Peering stealthily through the bridge at Cascade Village, Sally and I both spot the dark, trophy-sized submarine beneath us, and creak back through the snowpack to rig up.

It's several degrees warmer today, and Gore Creek is faster and shallower than the Eagle, so I'm choosing a heavy little Copper John behind a parachute Grey Duster for the outside chance of a hatch. I look up from tightening the knot on the nymph, just in time to catch the full force of competitive American angling.

This, too, I've read about but never seen. There's another fisherman pounding past us down the bank in his personal blizzard of powder, clearly encouraged by the red-capped guide behind him, straight into my pool. It's only afterwards that I remember, with quite excessive schadenfreude, how his arrival sends visible shockwaves right across the surface. I never even needed to think about snowballs.

So I leave them to it, break trail again upstream, and slither down a steep little canyon to the next trouty-looking stretch. It's difficult-looking, too, with slimy boulders under snow, and an old grey snag over the miniature riffle that says "Yes, sir, I'm here to take care of your backcast". Somehow I sneak through to the eye of the pool, and, first drift again, find I'm connected to one of those opportunistic 13-inch browns, all ice and fiery spots, that rattles over the riffle and flees from my hand as fast as he's come.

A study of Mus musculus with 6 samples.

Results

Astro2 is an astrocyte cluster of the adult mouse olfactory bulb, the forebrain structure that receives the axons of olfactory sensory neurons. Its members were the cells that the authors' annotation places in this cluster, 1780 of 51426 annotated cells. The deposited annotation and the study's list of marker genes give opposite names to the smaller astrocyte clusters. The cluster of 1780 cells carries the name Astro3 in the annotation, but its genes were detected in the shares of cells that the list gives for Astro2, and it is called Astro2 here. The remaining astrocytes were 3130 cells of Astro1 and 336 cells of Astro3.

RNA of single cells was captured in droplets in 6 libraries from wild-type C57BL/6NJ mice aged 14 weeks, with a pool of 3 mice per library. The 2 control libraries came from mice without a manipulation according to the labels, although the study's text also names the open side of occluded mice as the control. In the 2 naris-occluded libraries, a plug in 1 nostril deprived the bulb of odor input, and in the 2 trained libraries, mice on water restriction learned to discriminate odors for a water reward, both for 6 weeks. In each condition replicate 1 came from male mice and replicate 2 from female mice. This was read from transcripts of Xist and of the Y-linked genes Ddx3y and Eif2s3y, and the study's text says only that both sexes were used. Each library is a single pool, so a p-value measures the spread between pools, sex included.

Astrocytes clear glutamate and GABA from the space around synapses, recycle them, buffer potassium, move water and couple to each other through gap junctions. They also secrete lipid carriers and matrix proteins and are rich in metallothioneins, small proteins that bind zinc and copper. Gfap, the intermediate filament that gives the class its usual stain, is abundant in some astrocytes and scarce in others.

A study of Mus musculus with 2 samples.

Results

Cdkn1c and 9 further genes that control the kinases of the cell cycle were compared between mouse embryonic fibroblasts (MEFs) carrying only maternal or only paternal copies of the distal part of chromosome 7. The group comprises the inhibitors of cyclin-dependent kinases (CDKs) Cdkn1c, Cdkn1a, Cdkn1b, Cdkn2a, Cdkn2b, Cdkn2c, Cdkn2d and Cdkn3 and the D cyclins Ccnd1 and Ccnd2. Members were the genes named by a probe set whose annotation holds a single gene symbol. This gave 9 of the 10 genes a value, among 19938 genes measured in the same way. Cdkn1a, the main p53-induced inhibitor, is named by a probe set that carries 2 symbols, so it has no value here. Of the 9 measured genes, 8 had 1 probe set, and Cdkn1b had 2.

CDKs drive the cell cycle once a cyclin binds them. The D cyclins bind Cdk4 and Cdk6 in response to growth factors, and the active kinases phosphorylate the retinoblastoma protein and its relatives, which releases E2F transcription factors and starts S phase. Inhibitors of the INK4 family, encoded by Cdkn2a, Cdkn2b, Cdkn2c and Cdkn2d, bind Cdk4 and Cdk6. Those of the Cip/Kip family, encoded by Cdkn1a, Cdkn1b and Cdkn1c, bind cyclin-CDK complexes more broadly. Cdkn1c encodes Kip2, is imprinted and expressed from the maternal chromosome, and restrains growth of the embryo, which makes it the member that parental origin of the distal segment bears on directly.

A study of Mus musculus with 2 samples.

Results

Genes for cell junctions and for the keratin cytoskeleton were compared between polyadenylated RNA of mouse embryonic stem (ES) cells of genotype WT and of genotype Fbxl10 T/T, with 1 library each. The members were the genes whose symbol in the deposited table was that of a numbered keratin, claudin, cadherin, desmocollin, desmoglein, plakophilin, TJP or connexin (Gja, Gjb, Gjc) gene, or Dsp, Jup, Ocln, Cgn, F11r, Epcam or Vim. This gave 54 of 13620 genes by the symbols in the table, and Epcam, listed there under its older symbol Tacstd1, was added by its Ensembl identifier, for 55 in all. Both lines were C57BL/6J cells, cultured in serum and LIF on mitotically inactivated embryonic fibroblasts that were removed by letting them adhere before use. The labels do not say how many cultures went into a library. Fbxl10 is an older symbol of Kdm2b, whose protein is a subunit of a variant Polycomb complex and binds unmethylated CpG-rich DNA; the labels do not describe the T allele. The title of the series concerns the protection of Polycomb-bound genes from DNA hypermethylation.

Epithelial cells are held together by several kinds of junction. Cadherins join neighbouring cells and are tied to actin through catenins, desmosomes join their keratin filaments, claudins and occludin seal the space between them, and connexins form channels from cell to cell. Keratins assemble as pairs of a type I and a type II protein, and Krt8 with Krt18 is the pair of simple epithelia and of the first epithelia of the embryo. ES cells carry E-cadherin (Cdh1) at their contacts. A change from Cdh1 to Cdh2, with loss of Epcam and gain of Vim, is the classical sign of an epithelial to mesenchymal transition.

Here on the shrouded, intimate creek, it's hardly more than an hour of fishing, and just two trout. But every cast is worth it, and back up on the slopes again, I'm ski-ing like a fisher possessed.

Just for an instant, the low clouds part like Old Testament waters, and we even catch a glimpse of that glorious, elusive Continental Divide.

Will I ski in Europe again, without this lure of wild winter fishing?

Casting round Colorado, I'm suddenly not so sure.